Lagos monarch seeks constitutional role for traditional rulers
There has been discussions for and against granting constitutional recognition to traditional institution within the country’s democratic framework.
Kasali, the Adeboruwa of Igbogbo, spoke to the News Agency of Nigeria (NAN) ahead of activities to officially crown him as the paramount ruler of the ancient town of Ikorodu.
NAN reports that there had been discussions for and against granting constitutional recognition to traditional institution within the country’s democratic framework.
According to Kasali, who is a lawyer by profession, the traditional institutions have come of age and should have statutory roles to fast track desired changes in their communities.
He said: “I believe that the traditional institution should be accorded more opportunities in the present democratic setting that we have now.
“Whatever becomes of the traditional ruler anywhere would be determined by the way and manner that person comports himself in that capacity.
“As a traditional ruler you are the father of all, irrespective of your subject’s different political leaning.
“As such, you are expected to be in a position to call the two of them together and admonish them without any of them expressing any fear of bias.
“So, it is something that, yes, I will join the campaign for, the fact that we have it now.’’
On security within his domain, the monarch said that he would capitalise on Lagos State Neighbourhood Safety Corps Law to rid the community of criminal elements.
“We are going to check the proliferation of vigilante groups and arms within the community.
“We would not allow our territory to be used as a safe haven by criminals; we are quite aware of the mayhem they are causing all over.
“And I have warned my subjects, that not minding the fact that I am a traditional ruler, I am also a lawyer; I will not support anyone caught in a criminal web," the monarch added.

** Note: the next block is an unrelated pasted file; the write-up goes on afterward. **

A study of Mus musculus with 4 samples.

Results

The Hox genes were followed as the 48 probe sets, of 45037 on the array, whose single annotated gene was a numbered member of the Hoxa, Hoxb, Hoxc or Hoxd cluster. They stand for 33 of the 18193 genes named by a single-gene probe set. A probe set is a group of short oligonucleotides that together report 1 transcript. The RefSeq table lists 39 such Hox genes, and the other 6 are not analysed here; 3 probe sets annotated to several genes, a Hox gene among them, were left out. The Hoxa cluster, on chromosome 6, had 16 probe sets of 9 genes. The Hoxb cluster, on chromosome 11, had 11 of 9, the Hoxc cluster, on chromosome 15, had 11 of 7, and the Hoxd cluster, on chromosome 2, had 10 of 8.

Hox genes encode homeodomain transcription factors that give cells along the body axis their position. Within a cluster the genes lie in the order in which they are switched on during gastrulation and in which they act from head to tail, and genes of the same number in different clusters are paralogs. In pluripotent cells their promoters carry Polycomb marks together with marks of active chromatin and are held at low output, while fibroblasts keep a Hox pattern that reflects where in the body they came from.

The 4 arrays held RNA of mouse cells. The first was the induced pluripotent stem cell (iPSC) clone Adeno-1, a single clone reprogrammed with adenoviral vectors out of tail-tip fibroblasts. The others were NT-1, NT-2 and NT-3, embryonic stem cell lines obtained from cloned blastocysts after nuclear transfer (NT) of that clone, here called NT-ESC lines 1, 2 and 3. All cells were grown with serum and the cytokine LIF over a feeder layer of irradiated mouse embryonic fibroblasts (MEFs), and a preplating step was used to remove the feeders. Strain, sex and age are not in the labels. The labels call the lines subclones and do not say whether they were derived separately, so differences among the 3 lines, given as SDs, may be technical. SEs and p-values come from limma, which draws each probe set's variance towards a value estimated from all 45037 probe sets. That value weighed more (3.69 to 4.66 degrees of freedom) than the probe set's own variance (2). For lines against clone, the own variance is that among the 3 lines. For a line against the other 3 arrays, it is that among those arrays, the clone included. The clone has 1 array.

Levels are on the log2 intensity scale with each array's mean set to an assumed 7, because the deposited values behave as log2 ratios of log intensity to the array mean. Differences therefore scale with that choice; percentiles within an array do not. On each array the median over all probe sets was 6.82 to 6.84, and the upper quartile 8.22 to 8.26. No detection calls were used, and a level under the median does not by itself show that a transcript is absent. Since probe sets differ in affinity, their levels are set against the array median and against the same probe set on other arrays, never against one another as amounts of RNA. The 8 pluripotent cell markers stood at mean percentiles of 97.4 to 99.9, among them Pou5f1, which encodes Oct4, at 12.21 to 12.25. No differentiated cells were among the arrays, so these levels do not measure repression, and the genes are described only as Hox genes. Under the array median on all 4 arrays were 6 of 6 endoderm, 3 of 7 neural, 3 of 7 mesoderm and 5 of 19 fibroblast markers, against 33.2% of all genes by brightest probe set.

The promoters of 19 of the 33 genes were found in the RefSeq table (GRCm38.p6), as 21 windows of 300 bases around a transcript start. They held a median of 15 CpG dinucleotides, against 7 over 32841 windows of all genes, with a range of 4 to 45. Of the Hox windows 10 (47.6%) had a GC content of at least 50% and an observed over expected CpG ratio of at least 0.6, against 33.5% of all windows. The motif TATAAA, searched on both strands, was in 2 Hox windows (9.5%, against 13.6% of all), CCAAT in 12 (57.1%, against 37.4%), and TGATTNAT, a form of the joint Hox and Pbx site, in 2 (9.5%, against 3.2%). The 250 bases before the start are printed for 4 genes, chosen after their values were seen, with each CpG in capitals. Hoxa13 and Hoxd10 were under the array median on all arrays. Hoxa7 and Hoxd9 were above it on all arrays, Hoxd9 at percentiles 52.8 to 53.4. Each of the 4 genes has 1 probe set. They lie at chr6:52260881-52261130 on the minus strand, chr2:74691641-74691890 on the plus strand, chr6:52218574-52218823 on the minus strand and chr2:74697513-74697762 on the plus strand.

He, therefore, expressed readiness to collaborate with the state government and the private sector to improve the fortunes of the town.
“We want to work assiduously with the state government because most of the things that we lack – roads, healthcare – are things we believe the government will lead and we would follow.
“We would also work in the area of youth empowerment with support of the private sector to see how our youths can positively be engaged toward ensuring sustainability within the community,” he said.
He pledged to take advantage of the town coastal location to promote tourism and improve the economic wellbeing of his subjects.
“Aside agriculture, we would encourage industries to settle here; and as a matter of fact, before the end of first quarter of 2017, at least two commercial banks would have opened branches here.
“We would consult with the private sector and liaise with the federal and state government agencies to encourage water transportation,” he added.
NAN reports that until July 2016, Igbogbo town had been without a king after the demise of the former traditional ruler, Oba Johnson Fatola, on July 2015.
Some activities lined-up for the coronation, slated for Nov. 27, include, peace walk, children’s day/symposium, musical performances, cultural display, 'kegite' night, novelty football match, and thanksgiving service.